One of the most abused legal documents is the Power of Attorney. It can give power to a person who might misuse it and leave you powerless in controlling your own life. The same goes for a Personal Care Directive because if this document is ill-prepared, you could end up receiving medical care in a way you never wanted. However, without these documents, you and your family could face costly litigation to unfreeze your assets, or you may be resuscitated when you didn’t want to be. At Estate Connection, we can help you—and ultimately your family—protect yourself financially and medically if you become incapacitated. We can discuss what documents you need, what to include and who should be assisting you with your finances and healthcare.
There are two types of Powers of Attorney and each has a specific function. The Power of Attorney (POA) is in effect while you’re mentally competent. In St. Albert, the main scenario for having a POA is if you’re in the military and you need your spouse to have access to your money to pay bills. The POA ends when you become mentally incapacitated or you revoke it. The other document is an Enduring Power of Attorney (EPA). This document comes into effect either upon signing or when you become mentally incapacitated, and it endures throughout this condition. Within it, you appoint a reliable person to help manage your finances while, let’s say, you’re in a coma. Without an EPA, your family must apply for a trustee application and could take up to five months, meanwhile, your assets are frozen.
It’s important to have a reporting function in your POA or EPA. The Powers of Attorney Act requires your appointee to report regularly the money that comes in and out of your estate’s account. It’s a difficult job, so employing an accountant or even a trust company to deal with this aspect will save the appointee a heavy burden. You can have as many POAs and EPAs as you want, which means you could have different people overseeing different aspects of your financial life.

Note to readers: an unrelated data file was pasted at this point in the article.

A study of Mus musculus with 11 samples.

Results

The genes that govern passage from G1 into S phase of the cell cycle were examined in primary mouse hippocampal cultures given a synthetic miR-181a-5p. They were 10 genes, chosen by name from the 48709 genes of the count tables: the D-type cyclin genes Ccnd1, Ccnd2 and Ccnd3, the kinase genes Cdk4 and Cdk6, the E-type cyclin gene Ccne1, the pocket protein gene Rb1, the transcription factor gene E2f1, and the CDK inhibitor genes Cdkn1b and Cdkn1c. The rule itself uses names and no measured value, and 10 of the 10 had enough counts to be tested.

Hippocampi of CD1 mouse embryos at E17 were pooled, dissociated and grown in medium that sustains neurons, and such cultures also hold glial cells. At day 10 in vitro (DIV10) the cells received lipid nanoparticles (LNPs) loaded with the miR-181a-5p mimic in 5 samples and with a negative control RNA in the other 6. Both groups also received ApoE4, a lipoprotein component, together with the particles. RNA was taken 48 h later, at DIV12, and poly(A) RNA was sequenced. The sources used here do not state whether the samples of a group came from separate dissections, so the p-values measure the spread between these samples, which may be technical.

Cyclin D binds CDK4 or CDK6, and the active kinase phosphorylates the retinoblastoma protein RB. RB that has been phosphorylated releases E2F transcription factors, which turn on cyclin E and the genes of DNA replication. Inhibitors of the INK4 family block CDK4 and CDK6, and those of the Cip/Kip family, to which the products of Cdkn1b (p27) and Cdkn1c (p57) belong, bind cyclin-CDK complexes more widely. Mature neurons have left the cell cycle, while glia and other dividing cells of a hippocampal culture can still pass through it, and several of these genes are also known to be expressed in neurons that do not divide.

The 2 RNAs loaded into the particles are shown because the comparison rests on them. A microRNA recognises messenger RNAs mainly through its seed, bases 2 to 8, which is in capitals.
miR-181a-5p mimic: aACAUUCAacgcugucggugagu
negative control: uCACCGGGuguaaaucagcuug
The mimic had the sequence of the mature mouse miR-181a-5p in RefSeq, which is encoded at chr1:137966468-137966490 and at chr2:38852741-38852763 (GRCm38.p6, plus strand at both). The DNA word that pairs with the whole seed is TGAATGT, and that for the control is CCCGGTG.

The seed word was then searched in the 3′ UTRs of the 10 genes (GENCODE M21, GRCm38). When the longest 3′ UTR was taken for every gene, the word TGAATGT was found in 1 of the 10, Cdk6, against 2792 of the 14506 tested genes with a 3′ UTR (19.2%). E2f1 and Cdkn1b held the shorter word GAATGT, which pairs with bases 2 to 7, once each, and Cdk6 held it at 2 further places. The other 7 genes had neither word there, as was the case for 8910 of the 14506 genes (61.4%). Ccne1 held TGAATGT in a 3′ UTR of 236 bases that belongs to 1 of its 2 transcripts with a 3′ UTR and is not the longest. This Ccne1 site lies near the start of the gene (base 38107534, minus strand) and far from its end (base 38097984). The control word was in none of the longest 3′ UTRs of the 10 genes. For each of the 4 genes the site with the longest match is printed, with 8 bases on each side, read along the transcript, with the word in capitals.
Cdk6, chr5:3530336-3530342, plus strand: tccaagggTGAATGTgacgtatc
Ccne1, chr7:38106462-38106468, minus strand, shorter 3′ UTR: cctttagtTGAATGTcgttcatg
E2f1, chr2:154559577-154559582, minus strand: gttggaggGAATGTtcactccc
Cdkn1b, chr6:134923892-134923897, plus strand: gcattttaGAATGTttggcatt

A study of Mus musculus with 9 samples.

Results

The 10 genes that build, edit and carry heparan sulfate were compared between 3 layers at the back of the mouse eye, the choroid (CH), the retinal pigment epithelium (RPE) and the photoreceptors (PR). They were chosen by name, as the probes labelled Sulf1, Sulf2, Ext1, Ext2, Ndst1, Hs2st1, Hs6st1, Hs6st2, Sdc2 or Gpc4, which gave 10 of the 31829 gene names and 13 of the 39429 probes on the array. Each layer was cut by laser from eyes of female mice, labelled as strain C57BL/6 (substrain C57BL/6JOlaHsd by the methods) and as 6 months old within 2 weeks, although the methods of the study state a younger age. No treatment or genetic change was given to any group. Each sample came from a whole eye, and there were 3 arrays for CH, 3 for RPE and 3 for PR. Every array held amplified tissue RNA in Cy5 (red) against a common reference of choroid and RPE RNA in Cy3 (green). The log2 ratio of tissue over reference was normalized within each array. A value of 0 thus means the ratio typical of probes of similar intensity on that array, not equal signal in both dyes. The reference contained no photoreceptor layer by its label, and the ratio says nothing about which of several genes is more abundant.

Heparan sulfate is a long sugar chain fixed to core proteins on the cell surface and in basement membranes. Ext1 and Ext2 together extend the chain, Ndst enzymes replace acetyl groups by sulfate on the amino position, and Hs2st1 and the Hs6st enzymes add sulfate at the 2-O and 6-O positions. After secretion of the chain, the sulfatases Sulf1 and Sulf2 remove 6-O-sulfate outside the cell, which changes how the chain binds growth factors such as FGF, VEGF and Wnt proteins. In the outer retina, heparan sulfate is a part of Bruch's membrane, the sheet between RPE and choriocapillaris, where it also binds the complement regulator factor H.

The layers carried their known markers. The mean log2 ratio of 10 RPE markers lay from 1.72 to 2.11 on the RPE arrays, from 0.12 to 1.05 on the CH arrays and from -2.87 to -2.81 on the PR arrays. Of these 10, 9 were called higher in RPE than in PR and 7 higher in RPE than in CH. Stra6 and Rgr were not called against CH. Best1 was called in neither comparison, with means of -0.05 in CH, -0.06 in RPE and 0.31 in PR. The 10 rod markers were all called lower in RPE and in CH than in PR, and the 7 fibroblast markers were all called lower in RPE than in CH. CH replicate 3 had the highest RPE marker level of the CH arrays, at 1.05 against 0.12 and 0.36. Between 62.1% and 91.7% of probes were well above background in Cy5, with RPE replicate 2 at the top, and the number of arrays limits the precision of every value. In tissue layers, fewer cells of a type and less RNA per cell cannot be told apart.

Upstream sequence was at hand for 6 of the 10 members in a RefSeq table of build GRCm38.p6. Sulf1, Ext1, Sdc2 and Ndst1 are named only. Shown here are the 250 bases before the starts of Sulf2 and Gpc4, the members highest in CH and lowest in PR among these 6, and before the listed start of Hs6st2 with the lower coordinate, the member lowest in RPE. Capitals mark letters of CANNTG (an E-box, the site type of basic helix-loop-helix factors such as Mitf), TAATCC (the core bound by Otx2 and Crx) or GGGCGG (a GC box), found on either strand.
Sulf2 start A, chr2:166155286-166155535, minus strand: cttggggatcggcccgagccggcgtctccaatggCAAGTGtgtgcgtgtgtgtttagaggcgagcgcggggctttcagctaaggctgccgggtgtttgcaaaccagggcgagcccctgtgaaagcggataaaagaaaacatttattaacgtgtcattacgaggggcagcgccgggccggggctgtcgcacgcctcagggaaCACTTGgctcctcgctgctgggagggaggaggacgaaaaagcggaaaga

Health decisions in Alberta are now covered by three separate legal documents: a Personal Care Directive (PCD), Supported Decision-Making Agreement and Goals of Care. A PCD is a legal document pertaining to everything medical. It outlines if you want to remain in your own home or if you want to go into an extended care facility. It informs healthcare providers if you want vaccinations or blood transfusions. It spells out any end of life wishes such as what religious rites to observe. A Supported Decision-Making Agreement allows you to appoint up to three people to communicate healthcare decisions on your behalf or to obtain your personal healthcare information. If you’re having trouble remembering what a doctor tells you, these “supporters” can make sure you’re getting the right medicine and tests, as well as they can confer with your doctor without breaching privacy laws. The Goals of Care Designations, or Green Sleeve, is a more in-depth document that picks up where the PCD leaves off in order to help emergency personnel with your medical requests. This new document was brought in by Alberta Health. It’s a more detailed instruction list that you and your family doctor fill out, and it’s kept in a green envelope. If you have an emergency, it’s recognized by all Alberta healthcare providers, especially EMTs. There are three areas to consider:
Safeguarding yourself while you’re still alive but mentally incapacitated is an important protection to your estate, your family and your well-being. Having the right documents prepared by a professional whose expertise is in EPAs, POAs and PCDs will help ease the burden and cost to you and your loved ones in case of a future emergency.